NASP Research Reports


NASP Report of Graduate Education in School Psychology: 2015-2016

By Daniel L. Gadke, Sarah Valley-Gray, & Eric Rossen 

Abstract

The National School Psychology Program Database Survey is an annual initiative of the Graduate Education Committee of the National Association of School Psychologists (NASP). While NASP has periodically collected data regarding graduate education in school psychology since the mid-1970s, data have been collected annually for both specialist and doctoral school psychology programs since 2010. The collection of these data aims to provide transparency regarding the status of graduate education in school psychology, inform the profession regarding emerging trends, and provide prospective students and other stakeholders with information regarding school psychology graduate programs. This report summarizes the data received from the directors of school psychology programs during the 2015–2016 academic year and provides estimates for selected outcomes for all programs. An estimated 9,797 current students (including interns) were enrolled in school psychology programs. Further, an estimated 3,003 first year students were enrolled, whereas an estimated 2,580 students (2,026 specialist-level; 554 doctoral-level) graduated. Additional data include information regarding credit hour requirements, financial support, enrollment, internship placement, and student outcomes.


Factors Associated With Graduate Students' Decisions to Enter School Psychology 

By Joel Bocanegra, Eric Rossen, & Sally L. Grapin 

Abstract

Workforce shortages in school psychology have been a persistent problem since the field’s inception. To inform targeted recruitment efforts, the present study aimed to identify factors that contributed to current graduate students’ decisions to pursue a career in the field. Participants were 356 student members of the National Association of School Psychologists (NASP) who completed a survey comprised of demographic items and three scales. The scales measured (a) the importance of various informational resources for learning about school psychology, (b) factors influencing their decision to pursue a degree in school psychology, and (c) factors contributing to their excitement about the field. Results indicated that participants typically learned about school psychology through more informal encounters (e.g., conversations with faculty and Internet searches) rather than through structured or formal learning experiences (e.g., coursework, presentations, and internships). Students were most excited about the broad prospect of working with children and families in schools. Fewer than half of respondents enrolled directly after completing an undergraduate degree. Implications and recommendations for developing optimally effective recruitment strategies are discussed.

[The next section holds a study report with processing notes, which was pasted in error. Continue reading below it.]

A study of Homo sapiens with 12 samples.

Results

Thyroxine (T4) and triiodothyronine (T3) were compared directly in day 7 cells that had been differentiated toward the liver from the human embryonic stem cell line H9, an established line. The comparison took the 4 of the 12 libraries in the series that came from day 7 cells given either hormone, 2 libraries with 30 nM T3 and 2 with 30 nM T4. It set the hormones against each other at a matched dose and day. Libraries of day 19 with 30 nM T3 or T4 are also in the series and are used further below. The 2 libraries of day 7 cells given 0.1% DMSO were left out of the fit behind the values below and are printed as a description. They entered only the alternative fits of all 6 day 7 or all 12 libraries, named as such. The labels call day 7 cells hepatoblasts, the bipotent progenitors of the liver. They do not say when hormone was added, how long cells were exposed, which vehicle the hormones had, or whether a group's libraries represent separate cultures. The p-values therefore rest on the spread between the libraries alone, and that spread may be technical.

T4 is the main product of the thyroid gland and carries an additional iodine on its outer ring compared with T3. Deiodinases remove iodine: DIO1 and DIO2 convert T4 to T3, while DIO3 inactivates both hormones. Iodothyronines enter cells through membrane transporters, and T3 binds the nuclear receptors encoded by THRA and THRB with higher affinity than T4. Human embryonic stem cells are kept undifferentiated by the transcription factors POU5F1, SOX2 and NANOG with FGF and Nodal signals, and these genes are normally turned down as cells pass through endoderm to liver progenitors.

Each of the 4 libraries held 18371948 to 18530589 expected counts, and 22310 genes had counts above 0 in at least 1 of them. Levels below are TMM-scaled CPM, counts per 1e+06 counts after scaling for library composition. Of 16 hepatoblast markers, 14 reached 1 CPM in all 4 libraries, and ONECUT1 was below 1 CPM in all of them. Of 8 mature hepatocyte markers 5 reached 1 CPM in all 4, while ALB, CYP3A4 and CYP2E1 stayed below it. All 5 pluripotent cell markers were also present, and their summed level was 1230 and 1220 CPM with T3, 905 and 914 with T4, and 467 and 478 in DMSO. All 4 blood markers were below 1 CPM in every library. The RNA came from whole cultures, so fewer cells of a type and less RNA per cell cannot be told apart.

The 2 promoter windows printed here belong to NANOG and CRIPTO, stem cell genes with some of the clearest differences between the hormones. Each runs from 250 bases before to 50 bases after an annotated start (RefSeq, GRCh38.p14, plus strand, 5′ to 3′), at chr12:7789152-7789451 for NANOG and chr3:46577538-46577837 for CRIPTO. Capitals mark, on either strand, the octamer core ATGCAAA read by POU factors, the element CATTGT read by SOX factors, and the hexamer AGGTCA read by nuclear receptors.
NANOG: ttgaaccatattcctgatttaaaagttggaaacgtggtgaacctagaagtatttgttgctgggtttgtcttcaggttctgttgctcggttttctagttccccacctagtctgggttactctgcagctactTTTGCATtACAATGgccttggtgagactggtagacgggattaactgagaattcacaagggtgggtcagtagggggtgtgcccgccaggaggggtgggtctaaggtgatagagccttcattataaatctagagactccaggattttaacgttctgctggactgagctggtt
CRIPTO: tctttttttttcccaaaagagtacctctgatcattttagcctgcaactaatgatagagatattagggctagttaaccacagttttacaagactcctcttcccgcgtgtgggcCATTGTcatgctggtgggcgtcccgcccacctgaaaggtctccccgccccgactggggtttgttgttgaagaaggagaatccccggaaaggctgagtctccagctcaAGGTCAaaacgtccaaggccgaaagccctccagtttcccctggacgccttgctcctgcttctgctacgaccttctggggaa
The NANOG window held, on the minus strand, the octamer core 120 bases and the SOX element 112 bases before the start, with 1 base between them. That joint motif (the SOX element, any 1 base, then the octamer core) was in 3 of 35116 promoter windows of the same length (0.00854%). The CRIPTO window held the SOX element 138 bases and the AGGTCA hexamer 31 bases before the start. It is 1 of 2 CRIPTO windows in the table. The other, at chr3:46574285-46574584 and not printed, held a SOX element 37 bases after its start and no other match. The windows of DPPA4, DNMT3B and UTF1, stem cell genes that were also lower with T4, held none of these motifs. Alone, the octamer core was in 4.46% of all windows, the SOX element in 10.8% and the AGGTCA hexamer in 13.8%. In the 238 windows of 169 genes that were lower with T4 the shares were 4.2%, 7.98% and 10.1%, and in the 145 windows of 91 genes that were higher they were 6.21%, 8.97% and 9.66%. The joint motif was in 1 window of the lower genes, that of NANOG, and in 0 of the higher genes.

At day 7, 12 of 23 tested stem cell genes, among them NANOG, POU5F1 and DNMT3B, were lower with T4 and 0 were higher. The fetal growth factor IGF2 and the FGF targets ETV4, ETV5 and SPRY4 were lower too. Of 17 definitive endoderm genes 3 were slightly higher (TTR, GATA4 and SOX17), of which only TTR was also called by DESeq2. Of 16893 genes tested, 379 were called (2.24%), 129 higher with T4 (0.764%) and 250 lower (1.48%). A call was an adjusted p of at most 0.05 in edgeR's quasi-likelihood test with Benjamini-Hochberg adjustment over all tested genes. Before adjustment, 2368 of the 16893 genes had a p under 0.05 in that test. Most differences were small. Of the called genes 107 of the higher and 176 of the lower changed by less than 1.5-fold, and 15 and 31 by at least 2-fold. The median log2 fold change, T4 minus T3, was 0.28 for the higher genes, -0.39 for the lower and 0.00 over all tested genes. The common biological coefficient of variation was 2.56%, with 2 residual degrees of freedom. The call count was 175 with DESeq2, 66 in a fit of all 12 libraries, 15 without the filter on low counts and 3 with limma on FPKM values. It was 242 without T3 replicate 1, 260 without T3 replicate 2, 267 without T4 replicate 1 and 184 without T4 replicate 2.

NASP Annual Report of Graduate Education in School Psychology: 2014-2015 

By Daniel L. Gadke, Sarah Valley-Gray, & Eric Rossen 

Abstract

The National Association of School Psychologists (NASP) collects data annually on both specialist and doctoral school psychology programs via its National School Psychology Program Database Project Survey. The project goals are to maintain transparency regarding the status of graduate education in school psychology, inform the field about relevant trends, and provide prospective students and other stakeholders with a wide variety of information on school psychology graduate programs. This report summarizes the data from 171 specialist and 88 doctoral programs during the 2014–2015 academic year. Programs reported data on applications, enrollment, financial support, graduation requirements, internship placements, and more. Applicant acceptance rates were 40.7% across specialist programs and 31.0% across doctoral programs. There was a wide range of credit hours required for graduation, with 50–124 needed for specialist programs and 48–189 needed for doctoral programs.


Comparing Praxis® Performance Based on NASP Program Approval Status 

By Eric Rossen, Matthew W. Hayes, Joseph Prus, & Tracey Bowman 

Abstract

The National Association of School Psychologists (NASP) provides national review and approval of graduate programs in school psychology. Program approval represents an important quality indicator and offers important credentialing benefits to graduates of those programs. However, no research has previously examined the relationship between NASP program approval and the performance of program completers on tests such as the Praxis School Psychologist exam. The current study compared performance on the Praxis among NASP-approved and nonapproved programs before and after controlling for Graduate Record Exam (GRE) scores, which are a common admissions requirement for graduate programs in school psychology. Results revealed that graduates of NASP-approved programs score significantly higher on the Praxis, even after controlling for GRE, although much of the variance can be linked to GRE scores. This finding was most pronounced among institutions offering either a specialist-level program or both specialist- and doctoral-level programs as opposed to those offering a doctoral-level program only.